Bush issued a controversial military order on the detention, treatment, and trial, by military tribunals, of noncitizens alleged to be terrorists. Shortly after the creation of the National Security Council NSC in , supporting staff began producing four types of policy papers: basic comprehensive policy statements on a broad variety of national security problems, together with pertinent political, economic, and military implementation strategies; situation profiles of large geographic areas or specific countries; assessments of mobilization, arms control, atomic energy, and other functional matters; and organizational statements on NSC, foreign intelligence, and internal security structure and activities.




Many of the more recent ones remain officially secret. The national security instruments of the past several administrations are briefly profiled. Almost any official in the NSC system, from the President on downward, could suggest topics for policy papers.


Many of them went through major revisions after their initial issuance, some undergoing three or four such overhauls. During the Presidency of John F. Their generation began with a Cabinet official or a senior presidential assistant. This manager coordinated development of a draft position paper with other responsible individuals, often through the use of ad hoc interdepartmental working groups. They were developed through the use of various interdepartmental working groups composed of high level representatives from pertinent agencies.

Bush Administration.


Presidential findings of this type were reproduced in CFR Title compilations as administrative orders. Congress first authorized the President to propose plans for the reorganization of the executive departments and agencies in a statute. A presidential reorganization plan , submitted to Congress, became effective after 60 days unless both houses of Congress adopted a concurrent resolution of disapproval.

Such reorganization authority, renewed periodically a dozen times between and , with slight variations remained available to the President for nearly half a century. At different junctures, qualifications were placed upon its exercise.

The Homeland Directive

For example, reorganization plans could not abolish or create an entire department, or deal with more than one logically consistent subject matter. Also, the President was prohibited from submitting more than one plan within a day period and was required to include a clear statement on the projected economic savings expected to result from a reorganization. Reorganization plans not disapproved by Congress were published in the Federal Register prior to being implemented, and also in the Statutes at Large and the CFR Title 3 for the year in which they became effective.

Modification of the President's reorganization plan authority was made necessary in , when the Supreme Court effectively invalidated continued congressional reliance upon a concurrent resolution to disapprove a proposed plan. Any time during the period of 60 calendar days of continuous session of Congress following the submission of a reorganization plan, the President might make amendments or modifications to it.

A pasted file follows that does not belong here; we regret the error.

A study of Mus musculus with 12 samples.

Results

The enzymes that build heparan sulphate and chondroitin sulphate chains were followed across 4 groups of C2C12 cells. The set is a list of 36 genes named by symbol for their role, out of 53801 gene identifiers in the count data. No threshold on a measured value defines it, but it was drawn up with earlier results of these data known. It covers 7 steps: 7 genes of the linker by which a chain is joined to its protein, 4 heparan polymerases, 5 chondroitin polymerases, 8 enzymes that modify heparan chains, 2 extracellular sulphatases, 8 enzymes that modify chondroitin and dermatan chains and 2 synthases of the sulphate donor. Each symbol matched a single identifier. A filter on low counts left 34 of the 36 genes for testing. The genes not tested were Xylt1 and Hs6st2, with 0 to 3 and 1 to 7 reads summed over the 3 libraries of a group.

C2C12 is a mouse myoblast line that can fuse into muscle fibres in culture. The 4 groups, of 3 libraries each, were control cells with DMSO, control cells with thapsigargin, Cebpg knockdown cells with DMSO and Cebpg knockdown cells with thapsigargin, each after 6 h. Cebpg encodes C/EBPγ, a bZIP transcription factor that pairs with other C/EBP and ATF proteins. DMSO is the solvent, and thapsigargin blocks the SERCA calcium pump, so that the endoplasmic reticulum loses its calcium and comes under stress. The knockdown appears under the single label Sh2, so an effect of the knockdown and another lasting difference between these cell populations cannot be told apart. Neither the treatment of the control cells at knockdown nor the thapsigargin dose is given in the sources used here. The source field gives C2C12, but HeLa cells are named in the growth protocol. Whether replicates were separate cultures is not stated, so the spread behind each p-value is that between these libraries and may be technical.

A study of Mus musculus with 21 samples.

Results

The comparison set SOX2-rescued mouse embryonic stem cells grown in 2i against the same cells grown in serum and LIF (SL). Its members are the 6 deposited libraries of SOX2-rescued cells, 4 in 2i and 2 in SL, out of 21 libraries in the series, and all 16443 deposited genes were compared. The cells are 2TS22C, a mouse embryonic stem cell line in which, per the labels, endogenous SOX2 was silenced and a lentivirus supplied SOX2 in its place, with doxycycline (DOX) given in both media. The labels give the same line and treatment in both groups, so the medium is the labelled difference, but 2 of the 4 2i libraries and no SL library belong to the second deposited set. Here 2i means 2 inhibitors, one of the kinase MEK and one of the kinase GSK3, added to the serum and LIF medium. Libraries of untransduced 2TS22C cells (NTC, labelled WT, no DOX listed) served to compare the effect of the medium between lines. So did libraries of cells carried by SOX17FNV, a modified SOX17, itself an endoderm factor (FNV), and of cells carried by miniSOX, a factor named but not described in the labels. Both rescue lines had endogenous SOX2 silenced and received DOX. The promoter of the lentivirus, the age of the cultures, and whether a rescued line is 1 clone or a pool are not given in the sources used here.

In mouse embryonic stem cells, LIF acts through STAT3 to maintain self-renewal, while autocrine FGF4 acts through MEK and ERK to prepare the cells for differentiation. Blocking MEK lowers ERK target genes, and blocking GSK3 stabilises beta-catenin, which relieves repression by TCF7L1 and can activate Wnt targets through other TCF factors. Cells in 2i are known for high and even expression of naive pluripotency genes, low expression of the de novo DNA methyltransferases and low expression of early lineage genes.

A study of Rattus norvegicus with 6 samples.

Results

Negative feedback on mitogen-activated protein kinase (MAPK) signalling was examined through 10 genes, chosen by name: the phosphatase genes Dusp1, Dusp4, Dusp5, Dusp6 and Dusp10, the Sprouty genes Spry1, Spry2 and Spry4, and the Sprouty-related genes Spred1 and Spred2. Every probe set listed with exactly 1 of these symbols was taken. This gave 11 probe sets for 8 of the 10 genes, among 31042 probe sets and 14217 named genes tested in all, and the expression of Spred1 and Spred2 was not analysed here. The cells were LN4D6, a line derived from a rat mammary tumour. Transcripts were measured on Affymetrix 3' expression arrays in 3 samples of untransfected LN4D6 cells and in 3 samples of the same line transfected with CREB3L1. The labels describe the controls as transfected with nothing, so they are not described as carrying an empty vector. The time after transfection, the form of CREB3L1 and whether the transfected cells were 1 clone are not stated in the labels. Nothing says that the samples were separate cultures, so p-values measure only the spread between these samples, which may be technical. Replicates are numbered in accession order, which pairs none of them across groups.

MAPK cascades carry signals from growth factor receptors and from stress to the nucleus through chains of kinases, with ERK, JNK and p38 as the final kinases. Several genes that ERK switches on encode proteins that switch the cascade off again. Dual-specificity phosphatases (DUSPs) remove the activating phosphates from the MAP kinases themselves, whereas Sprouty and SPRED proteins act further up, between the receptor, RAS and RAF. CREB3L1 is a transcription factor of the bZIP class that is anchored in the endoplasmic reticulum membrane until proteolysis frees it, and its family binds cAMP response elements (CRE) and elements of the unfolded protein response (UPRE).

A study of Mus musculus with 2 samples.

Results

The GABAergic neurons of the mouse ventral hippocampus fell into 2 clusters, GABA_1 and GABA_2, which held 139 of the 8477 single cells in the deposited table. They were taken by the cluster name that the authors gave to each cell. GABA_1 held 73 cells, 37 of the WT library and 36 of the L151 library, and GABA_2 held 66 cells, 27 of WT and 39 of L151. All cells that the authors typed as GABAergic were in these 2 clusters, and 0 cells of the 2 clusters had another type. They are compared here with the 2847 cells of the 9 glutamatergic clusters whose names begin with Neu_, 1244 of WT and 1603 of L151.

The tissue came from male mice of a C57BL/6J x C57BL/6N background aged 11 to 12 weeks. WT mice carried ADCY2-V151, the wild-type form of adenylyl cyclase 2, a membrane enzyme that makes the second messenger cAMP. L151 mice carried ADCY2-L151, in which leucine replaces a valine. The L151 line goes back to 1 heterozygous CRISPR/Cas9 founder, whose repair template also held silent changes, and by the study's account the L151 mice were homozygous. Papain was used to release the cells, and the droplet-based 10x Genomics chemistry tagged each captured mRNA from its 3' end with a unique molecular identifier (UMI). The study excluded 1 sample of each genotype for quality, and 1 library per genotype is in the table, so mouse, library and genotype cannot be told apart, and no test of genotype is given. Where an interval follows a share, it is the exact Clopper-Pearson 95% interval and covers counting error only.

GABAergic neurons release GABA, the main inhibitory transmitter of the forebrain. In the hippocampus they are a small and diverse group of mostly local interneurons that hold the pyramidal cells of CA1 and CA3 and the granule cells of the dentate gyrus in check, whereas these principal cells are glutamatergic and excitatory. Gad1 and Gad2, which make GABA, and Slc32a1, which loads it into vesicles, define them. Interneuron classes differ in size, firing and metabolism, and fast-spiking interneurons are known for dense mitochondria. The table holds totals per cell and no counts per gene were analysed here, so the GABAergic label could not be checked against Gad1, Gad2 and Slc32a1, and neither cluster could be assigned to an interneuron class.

Bush indicated an interest in pursuing its restoration in his FY budget message. An early proclamation, promulgated by President Washington on August 7, , exemplified this latter use of such instruments. Responding to rebellious activities in western Pennsylvania and Virginia in protest of a federal excise tax on whiskey, the President called forth the militia and personally took command. This was done pursuant to statutory arrangements. The issuance of proclamations by the President followed a tradition established by British monarchs and practiced by royal governors in the North American colonies and by their elected successors after the Revolution.

In , the Department of State began to assign identification numbers to both proclamations and executive orders, making a determined, but not totally successful, effort to include previously issued instruments of both types in this accounting. Beginning with this instrument, all subsequent presidential proclamations have been reproduced in CFR Title 3 compilations. For the past 20 years, proclamations have been largely hortative, often being used to declare commemorative occasions.

Although they would continue to claim that they were engaged in 'precision' bombing of military targets, 80 per cent of their bombing missions in the last quarter of relied on radar. Half of their bombs missed the aiming point by more than two miles. Chapter Perspective 6.

The National Homeland Security Consortium. Local Homeland Security Networking Initiatives. The National Association of Counties. The National League of Cities. Conference of Mayors. Homeland Security and Law Enforcement Agencies.

Case in Point: Militarization of the Police. Defining Terrorism: An Ongoing Debate. Combatants, Noncombatants, and the Use of Force. The Pre—September 11 Terrorist Environment. Chapter Perspective 7. September 11, , and the New Terrorism. Religion and Terrorism in the Modern Era. The New Terrorism and Globalization. Asymmetrical Warfare. The Paris Attacks. The Brussels Attacks. Maximum Casualties and the New Terrorism. Netwar: A New Organizational Theory. Policy Options. Countering Extremism. Countering the New Terrorism. Extremism in America. Chapter Perspective 8.

Left-Wing Extremism in the United States. Right-Wing Extremism in the United States. Sources of International Terrorism in the United States. Left-Wing Terrorism in the United States. Generational Rebellion: New Left Terrorism. Civil Strife: Ethnonationalist Terrorism on the Left. Single-Issue Violence on the Left. Right-Wing Terrorism in the United States. Racial Mysticism: Neo-Nazi Terrorism. Patriot Threats.